New Brunswick, N.J.-based J&J earned $3.35 billion, or $1.20 a share, compared with $3.31 billion, or $1.17, in the year-ago period. Analysts expected earnings of $1.13 a share. Despite the stronger showing, it seems investors' fears regarding generic competition materialized. Even though the Band-Aids maker managed to grow profit by 1.1 percent, it did so predominantly through cost cuts and lower taxes. More worrisome, sales declined 5.3 percent to $15.1 billion from $15.92 billion, missing the Street's revenue estimate of $15.19 billion.
Generic competition dented sales of several of J&J's top drugs and the recession hurt consumer product sales. Worldwide pharmaceutical sales tumbled 14.1 percent and consumer products 2.7 percent.
It's important to note that unfavorable currency exchange fluctuations negatively affected overall sales by 2.5 percentage points.
J&J boosted its outlook and now expects to earn between $4.54 and $4.59 a share, up from a prior forecast of $4.45 to $4.55 per share. But that didn't help offset the sales disappointment, nor did the medical device tax voted on in the U.S. Senate.
J&J's results weren't all that bad. They were helped by strength in products outside its pharmaceutical division. Those included its Aveeno skin care products, Splenda sweetener, Listerine mouthwash and the acquisition of Vania Expansion. Its biggest division, medical devices and diagnostics, also had a good showing.
The already diversified health care company is trying to expand even further, especially its pharmaceutical business unit, to counter drug-patent expirations. During the quarter, it completed the acquisition of an 18 percent stake in Elan (ELN) as well as its purchase of Elan's Alzheimer's Immunotherapy Program.
The fact that is not a pure pharma company and that it sells consumer products as well as medical devices have helped buffer J&J from some of the negative trends that have hurt its pure pharma competitors. It's perhaps because of that that its shares were beaten down as investors expected it to move past the cost cutting measures to create growth. In after-hours action on Wednesday, J&J shares were trading down 3 percent at $60.55 following its earnings announcements after the bell on Tuesday.
For Abbott, it was a different story, with its shares up more than 3 percent to $51.20 after hours on Wednesday. Being responsible for 19 percent of revenue, Humira's strong performance was enough to help the Abbott Park, Illinois-based company boost its quarterly sales by 3.5 percent (despite the large negative effect from unfavorable currency-exchange rates) to $7.76 billion. Its earnings grew by 36 percent to $1.48 billion, or 95 cents per share.Excluding one-time items, Abbott earned 92 cents per share, topping forecasts by 2 cents. Sales were in line with expectations. Other than the jump in Humira demand, sales on nutritional products, including Similac baby formula and Ensure drinks, also grew during the quarter, as well as its vascular business sales.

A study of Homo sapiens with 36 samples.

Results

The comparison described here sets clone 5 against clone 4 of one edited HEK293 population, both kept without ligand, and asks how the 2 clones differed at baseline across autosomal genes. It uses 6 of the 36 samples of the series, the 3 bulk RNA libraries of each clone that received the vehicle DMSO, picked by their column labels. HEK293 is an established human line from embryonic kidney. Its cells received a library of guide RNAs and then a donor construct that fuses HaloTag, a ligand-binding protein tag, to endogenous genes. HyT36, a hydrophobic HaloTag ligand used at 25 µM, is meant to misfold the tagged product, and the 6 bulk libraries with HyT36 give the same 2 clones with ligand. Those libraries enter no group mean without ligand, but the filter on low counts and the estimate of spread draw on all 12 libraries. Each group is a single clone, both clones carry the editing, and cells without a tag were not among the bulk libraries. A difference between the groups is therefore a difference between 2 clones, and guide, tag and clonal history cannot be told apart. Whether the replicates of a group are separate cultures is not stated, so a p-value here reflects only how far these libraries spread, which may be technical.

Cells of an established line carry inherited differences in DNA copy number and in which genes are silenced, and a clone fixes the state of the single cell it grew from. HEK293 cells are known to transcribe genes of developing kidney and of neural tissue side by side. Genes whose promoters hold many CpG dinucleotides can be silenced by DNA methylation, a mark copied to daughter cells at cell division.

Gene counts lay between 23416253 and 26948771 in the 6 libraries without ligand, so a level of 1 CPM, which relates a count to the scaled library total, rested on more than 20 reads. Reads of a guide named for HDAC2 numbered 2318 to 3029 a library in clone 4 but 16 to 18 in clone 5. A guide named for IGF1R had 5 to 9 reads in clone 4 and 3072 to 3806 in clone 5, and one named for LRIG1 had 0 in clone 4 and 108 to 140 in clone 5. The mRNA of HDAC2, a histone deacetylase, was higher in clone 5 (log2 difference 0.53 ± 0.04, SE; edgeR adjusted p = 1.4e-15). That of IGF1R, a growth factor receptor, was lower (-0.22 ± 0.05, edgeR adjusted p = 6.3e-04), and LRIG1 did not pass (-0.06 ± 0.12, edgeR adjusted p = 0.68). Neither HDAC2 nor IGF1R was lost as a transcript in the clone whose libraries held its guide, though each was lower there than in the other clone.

Abbott also raised its 2009 profit expectations to a range of $3.70 to $3.72 per share, from a previous range of $3.65 to $3.70. Alleviating investors' concerns about its dependence on Humira, Abbott also boosted its full-year forecast for Humira, projecting revenue will increase 28 percent to 30 percent, excluding the effects of foreign currency exchange (or 18 to 20 percent reported sales growth, up from an earlier range of 15 to 20 percent).
Abbott CEO Miles White highlighted the company's four acquisitions during the quarter, bringing its 2009 total to six. The latest acquisition is an attempt to boost the company's international presence. Abbot announced plans to buy Solvay's pharmaceutical unit for $6.6 billion, in a deal that is expected to close in the first quarter of 2010. The deal will give Abbott full control of TriCor and TriLipix, cholesterol drugs it co-promoted with Solvay.
As a consequence, and very different from J&J's effect Tuesday, Abbott led pharmaceutical companies higher today as Pfizer (PFE) and GlaxoSmithKline (GSK), among others, followed suit. J&J shares was down again Wednesday.
Interestingly, however, even with Humira, it wasn't enough to stop the declines in the pharmaceutical division, where sales fell 1.6 percent to $4.06 billion, hurt by currency fluctuations and generic competition to the anti-seizure treatment Depakote. That drug's sales plunged 71 percent, highlighting the problems facing pharmas when drugs go off patent and a generic challenges them.
Comparing the two companies' results is interesting. Generally, most everyone agree that diversification was the key to both. While generics took a chunk out of revenue in both, J&J had its medical devices unit and products in its consumer unit that saw sales grow. Similarly for Abbott, which also felt the heat from generics, it wasn't all Humira, but vascular and nutritional products.
The question now is what will happen to pure pharmaceutical companies that don't have that diversification. While Pfizer and Merck (MRK) have been busy with mega acquistions of Wyeth (WYE) and of Schering Plough (SGP), respectively, they did it more to expand their pipeline than to achieve diversification. Similarly, smaller acquisitions have mostly served broaden existing pharma portfolios.
At some point, the patent expirations will catch up to Big Pharma and cost cutting measures will no longer be enough to achieve earnings growth. The question is whether we're going to start seeing it in this quarter after many generally beat expectations, even of the top line in the second quarter. Judging from the declines in pharmaceutical sales at Abbott and J&J, that could be a likely scenario, with the possible exception being vaccine makers as they may get a boost from H1N1 flu pandemic worries.